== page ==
Protect Los Angeles: Oppose Philips 66 Santa Maria Crude By Rail Expansion

Members of the Los Angeles City Council


I am concerned about an expansion of shipping volatile and toxic crude by rail in outdated and unsafe oil tank cars through California, especially to and fro densely populated neighborhoods in the Los Angeles basin. Five major accidents have happened in the first five months of 2015 in North America, and despite federal moves to improve safety, trains keep exploding.

San Luis Obispo is about to make a decision that will affect the health and safety of our LA neighborhoods. Many cities and counties have written letters opposing this project on the basis of inadequate measures to protect the public and the natural resources at risk. As we see the devastating spill on the Santa Barbara coast, we don’t want to see that happen to the LA River, which is now undergoing a $1 billion facelift, and is part of our long-term water sustainability plan.

Phillips 66 Santa Maria refinery in San Luis Obispo County plans to move 20,800 crude tankers to and from their Nipomo facility every year. These can be eighty-car trains that stretch a mile-long.

The Revised Draft Environmental Impact Report (RDEIR) concludes that the proposed Phillips 66 rail spur would cause significant and unavoidable rail accident hazard risks along the main rail line that could result in oil spills, fires, and explosions near populated areas.

An analysis of potential blast zone radii of rail lines carrying toxic and volatile crude from the San Fernando Valley all the way through South LA and the Harbor Area would impact homes, schools, parks, and businesses located adjacent to the tracks. The same blast zone map indicates the risk to a significant stretch of the Los Angeles River destined to receive $1 billion in local, state and federal investment over several years to overhaul much of an 11-mile soft-bottomed stretch of the river between Griffith Park and downtown.

Previous rail car derailment explosions in North America have demonstrated most emergency responders, including those in the City of Los Angeles, do not have sufficient equipment and supplies, such as fire suppression foam, to adequately respond to a catastrophic explosion of a rail car derailment explosion.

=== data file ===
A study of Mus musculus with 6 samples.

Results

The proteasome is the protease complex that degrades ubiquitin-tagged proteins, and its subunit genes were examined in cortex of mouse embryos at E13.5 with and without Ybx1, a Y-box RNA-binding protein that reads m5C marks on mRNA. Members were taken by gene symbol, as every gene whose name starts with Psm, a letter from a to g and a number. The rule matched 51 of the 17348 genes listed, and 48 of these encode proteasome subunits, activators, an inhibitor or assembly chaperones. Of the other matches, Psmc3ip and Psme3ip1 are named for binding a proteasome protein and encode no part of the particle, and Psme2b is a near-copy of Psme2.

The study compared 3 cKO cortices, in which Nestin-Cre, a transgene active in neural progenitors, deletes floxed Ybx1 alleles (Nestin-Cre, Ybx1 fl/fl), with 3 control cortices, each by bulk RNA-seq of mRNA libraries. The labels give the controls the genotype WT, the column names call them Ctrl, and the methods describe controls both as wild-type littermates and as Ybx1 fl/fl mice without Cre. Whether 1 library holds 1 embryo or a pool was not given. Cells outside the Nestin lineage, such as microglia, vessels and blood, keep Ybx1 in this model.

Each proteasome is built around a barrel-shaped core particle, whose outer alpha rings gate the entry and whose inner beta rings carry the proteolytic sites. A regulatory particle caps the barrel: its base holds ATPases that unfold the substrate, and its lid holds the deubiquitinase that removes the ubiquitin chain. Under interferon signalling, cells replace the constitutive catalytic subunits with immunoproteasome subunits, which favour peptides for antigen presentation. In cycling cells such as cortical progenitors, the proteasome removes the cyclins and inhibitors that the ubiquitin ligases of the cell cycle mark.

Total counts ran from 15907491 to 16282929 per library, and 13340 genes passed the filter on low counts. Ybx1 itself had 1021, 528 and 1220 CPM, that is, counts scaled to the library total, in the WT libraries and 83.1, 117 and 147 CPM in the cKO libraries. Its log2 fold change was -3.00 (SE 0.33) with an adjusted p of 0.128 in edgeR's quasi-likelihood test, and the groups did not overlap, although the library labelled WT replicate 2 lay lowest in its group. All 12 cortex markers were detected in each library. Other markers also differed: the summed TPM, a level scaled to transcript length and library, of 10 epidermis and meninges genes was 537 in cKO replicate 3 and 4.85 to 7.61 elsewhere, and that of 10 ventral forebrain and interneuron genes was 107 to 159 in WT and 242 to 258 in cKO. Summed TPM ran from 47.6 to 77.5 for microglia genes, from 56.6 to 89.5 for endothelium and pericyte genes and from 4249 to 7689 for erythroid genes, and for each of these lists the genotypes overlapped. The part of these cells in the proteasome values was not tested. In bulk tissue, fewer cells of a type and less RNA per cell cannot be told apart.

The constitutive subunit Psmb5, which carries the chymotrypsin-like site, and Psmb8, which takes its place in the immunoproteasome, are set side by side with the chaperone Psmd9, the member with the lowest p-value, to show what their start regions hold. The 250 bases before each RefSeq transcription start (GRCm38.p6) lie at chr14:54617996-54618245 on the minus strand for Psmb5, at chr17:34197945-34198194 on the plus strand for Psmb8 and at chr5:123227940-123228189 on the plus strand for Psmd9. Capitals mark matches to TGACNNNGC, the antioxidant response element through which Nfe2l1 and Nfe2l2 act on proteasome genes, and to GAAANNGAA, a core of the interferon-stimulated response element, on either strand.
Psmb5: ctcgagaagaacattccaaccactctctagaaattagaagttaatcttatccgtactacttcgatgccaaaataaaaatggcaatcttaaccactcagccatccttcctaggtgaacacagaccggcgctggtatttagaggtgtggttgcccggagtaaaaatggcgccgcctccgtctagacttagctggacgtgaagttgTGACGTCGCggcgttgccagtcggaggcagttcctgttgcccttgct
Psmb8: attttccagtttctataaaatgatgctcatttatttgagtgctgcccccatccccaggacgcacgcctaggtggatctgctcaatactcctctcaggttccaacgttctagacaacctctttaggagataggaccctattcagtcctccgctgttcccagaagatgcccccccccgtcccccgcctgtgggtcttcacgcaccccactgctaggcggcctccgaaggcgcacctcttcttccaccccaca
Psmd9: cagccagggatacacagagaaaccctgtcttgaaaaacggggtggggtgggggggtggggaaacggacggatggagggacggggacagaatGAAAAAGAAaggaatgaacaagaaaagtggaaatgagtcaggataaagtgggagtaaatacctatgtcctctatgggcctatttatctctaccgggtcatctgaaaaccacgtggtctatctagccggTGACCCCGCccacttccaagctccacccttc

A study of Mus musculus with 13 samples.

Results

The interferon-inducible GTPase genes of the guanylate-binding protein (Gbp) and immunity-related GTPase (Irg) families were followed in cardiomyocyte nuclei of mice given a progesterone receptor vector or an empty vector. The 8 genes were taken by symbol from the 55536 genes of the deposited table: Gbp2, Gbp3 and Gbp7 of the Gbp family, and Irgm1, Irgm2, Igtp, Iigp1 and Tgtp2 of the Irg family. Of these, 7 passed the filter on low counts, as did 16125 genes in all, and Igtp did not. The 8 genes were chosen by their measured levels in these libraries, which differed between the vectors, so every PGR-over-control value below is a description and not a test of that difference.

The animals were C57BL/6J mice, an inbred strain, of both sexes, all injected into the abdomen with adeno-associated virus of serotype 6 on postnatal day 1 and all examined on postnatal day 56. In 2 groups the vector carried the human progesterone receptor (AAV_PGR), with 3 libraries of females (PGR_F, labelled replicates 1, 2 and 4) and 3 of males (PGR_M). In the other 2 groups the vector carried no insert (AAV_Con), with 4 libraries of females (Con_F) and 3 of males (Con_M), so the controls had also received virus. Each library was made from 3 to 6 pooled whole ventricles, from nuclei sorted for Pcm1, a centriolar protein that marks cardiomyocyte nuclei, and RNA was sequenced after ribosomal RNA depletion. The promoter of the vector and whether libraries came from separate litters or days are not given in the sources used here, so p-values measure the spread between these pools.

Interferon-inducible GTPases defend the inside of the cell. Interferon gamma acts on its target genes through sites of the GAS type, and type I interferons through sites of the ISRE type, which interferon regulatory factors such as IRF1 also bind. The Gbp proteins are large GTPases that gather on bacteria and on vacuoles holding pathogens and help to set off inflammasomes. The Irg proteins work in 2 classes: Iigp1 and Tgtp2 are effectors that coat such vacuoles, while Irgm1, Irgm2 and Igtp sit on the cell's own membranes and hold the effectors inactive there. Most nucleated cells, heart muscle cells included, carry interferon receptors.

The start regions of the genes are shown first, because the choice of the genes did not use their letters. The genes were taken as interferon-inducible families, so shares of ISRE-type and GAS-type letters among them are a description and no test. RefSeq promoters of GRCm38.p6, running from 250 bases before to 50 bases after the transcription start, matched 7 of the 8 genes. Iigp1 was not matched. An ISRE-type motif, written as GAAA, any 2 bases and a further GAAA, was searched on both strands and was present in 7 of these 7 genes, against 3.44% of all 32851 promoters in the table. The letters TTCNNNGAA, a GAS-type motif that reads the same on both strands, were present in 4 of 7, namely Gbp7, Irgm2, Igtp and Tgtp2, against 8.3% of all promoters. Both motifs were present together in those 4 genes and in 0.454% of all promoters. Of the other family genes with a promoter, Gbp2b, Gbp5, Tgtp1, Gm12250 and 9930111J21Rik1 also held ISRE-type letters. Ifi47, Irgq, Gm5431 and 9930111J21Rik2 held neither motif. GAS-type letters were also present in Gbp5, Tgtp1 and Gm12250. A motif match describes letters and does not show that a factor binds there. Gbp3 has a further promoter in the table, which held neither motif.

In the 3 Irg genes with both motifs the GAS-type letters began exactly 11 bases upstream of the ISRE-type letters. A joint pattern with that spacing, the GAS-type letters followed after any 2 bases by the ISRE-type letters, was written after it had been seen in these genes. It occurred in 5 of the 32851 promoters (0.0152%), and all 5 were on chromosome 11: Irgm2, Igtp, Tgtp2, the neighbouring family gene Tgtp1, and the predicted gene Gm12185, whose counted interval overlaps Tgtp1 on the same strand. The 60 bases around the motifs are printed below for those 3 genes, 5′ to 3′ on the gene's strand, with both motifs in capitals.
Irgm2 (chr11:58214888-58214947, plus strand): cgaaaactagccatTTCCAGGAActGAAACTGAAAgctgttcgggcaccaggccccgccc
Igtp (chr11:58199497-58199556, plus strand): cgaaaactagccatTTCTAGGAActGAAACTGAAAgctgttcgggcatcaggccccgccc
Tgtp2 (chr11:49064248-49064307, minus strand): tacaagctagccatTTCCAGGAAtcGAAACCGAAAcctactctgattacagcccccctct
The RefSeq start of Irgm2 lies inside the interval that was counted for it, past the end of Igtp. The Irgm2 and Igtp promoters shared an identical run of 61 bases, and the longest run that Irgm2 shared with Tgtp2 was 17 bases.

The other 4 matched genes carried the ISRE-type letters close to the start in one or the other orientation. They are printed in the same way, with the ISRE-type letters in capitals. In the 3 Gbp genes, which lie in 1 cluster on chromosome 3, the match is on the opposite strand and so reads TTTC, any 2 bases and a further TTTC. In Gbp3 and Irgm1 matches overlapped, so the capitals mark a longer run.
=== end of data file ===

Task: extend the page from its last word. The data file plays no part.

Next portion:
THEREFORE , I assert the only San Luis Obispo County Planning Commission/Board of Supervisors action that would avoid this public safety risk to Los Angeles County and beyond is denial of the project. I request the Los Angeles City Council write a letter of opposition to the San Luis Obispo County Planning Commission to deny this project a permit.

READ THE RESOLUTION NOW UNDER CONSIDERATION!  


Petition by
Jack Eidt
Eagle Rock, California

To: Members of the Los Angeles City Council
From: [Your Name]

As your constituent, I urge you to pass a resolution and write a letter of opposition to the San Luis Obispo County Planning Commission/Board of Supervisors to deny an expansion permit to the Phillips 66 Santa Maria refinery crude by rail operation.

I am concerned about an expansion of shipping volatile and toxic crude by rail in outdated and unsafe oil tank cars through California, especially to and fro densely populated neighborhoods in the Los Angeles basin. Five major accidents have happened in the first five months of 2015 in North America, and despite federal moves to improve safety, trains keep exploding.

I don't want the next fiery blast to happen next to our schools, our parks, our homes. Phillips 66 Santa Maria refinery in San Luis Obispo County plans to move 20,800 crude tankers to and from their Nipomo facility every year. These can be eighty-car trains that stretch a mile-long.

San Luis Obispo is about to make a decision that will affect the health and safety of our LA neighborhoods. Many cities and counties have written letters opposing this project on the basis of inadequate measures to protect the public and the natural resources at risk. As we see the devastating spill on the Santa Barbara coast, we don’t want to see that happen to the LA River, which is now undergoing a $1 billion facelift, and is part of our long-term water sustainability plan.

Therefore, I assert the only San Luis Obispo County Planning Commission/Board of Supervisors action that would avoid this public safety risk to Los Angeles County and beyond is denial of the project. I request the Los Angeles City Council write a letter of opposition to the San Luis Obispo County Planning Commission to deny this project a permit.